Does linking mean?
Eons ago in my previous blog I was racking my head over link blogs. I came to the conclusion that under certain circumstances linking had implications in the construction of meaning— so, Jonathon, I am not nearly as averse to the idea of link blogs as a medium of self-expression as I once was. I really meant to expand that post further to embrace the “writerly types” out there— because displaying your creative talents through writing is also, as Jonathon observed, a form of show-and-tell. However, I find both of these approaches less revealing than what might be called expressivist “creative non-fiction”— manifest in blogs of personal exploration which do not rely too deeply on constructed personae. I think it was Golub who argued that link-blogging is a process of persona-construction. I disagreed at first, but I’ve since seen the light. I don’t begrudge anyone who decides they want to share something— in fact, I rather like it.
But does linking mean? I came to the conclusion that if it does, it does so only subtly. That’s why I refuse to submit to delinking. The assumption involved is that link-aggregators like blogdex are “popularity indexes”— that is a really twisted rhetorical perspective. What these devices do is highlight the subtle nature of community on the Internet. They establish the shifting context of the discourse, spread among thousands of sites— a phenomenon well worth studying, in my estimation. However, because I link to something does not mean that I like it, dislike it, or am just amused by it— to accentuate only the postive, affirming side of linking is to deny its complexity. Link networks are only “popularity” indexes in terms of affirming interest. I wondered about linking to the racial-hate material in my previous post. But I figured that what mattered most was the content of the post, not any electronic aggregation of the context. Aggregation is imprecise, inaccurate, and devoid of content.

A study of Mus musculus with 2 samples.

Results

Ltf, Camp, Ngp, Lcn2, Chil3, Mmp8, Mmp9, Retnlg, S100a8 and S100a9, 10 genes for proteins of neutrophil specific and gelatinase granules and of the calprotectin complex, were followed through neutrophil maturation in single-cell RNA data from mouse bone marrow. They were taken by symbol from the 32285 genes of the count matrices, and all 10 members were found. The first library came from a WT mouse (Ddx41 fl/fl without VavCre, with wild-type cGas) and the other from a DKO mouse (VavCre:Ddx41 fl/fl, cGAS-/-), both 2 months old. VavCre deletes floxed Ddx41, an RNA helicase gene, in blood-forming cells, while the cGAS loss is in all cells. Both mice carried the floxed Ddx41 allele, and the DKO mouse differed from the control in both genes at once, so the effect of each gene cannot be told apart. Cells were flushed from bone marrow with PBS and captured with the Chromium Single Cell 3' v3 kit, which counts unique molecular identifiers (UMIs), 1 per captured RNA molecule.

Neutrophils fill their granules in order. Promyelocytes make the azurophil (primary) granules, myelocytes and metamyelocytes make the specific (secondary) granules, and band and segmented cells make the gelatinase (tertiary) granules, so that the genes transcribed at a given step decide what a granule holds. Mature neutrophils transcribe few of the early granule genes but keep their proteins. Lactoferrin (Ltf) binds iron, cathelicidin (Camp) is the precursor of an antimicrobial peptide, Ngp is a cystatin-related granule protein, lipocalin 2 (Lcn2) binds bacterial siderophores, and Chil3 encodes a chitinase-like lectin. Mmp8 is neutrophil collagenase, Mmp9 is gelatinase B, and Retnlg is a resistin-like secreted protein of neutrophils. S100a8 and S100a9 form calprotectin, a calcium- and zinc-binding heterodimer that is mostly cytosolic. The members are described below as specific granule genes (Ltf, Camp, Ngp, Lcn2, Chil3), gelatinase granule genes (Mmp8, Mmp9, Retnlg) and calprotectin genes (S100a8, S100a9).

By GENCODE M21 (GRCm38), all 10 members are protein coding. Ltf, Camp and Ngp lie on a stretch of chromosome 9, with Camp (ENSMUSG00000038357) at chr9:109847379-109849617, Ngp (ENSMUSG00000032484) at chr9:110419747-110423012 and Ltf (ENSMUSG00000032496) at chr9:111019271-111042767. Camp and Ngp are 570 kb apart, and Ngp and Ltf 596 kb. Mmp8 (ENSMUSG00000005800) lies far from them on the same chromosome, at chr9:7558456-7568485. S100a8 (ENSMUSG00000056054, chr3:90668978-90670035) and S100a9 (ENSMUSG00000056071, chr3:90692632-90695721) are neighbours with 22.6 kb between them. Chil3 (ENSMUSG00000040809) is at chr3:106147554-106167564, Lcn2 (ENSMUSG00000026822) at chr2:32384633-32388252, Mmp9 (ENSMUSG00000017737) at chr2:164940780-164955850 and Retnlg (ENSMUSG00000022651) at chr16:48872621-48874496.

For me at least, a blogroll has absolutely nothing to do with popularity and everything to do with context, and one of my favorite things as a lazy person— convenience. These are the sites I regularly visit. I have my history set to purge each three days, so the links to blogs change so that I know if I’ve been neglecting to read my usual ones. I really don’t think very many people use it at all, except me, to keep track of my own little “neighborhood.” I believe that linking to posts within a blog rather than on the sidebar may have a strong impact (depending on the popularity of the blog) on traffic. However, the primarily static sidebar links only show a bit of my context within the complex blog discourse community. It’s a subtle thing. When I’ve been reading a blog for long enough to be attached to its writer, I like to explore their links to find out more about what they like to read. I find it nice, convenient, and often enlightening.
Blogrolls can help you find people you’d like to read, that is, if you like the person whose blog you find them on. There are no guarantees. They subtly aid the process of developing communities without overt rhetorical posturing— which a roll of “my favorite posts” would surely involve. I often find blogs I really like by looking at my referrer logs to see who has linked me. I don’t always link back though, because my sidebar is monstrous and there are only so many hours in the day to read blogs. Being placed on my sidebar is not a vote of affirmation, only a vote of interest. To read my blogroll, or anyone’s for that matter, as a popularity contest displays a lack of subtlety— interest and affirmation are not synonymous.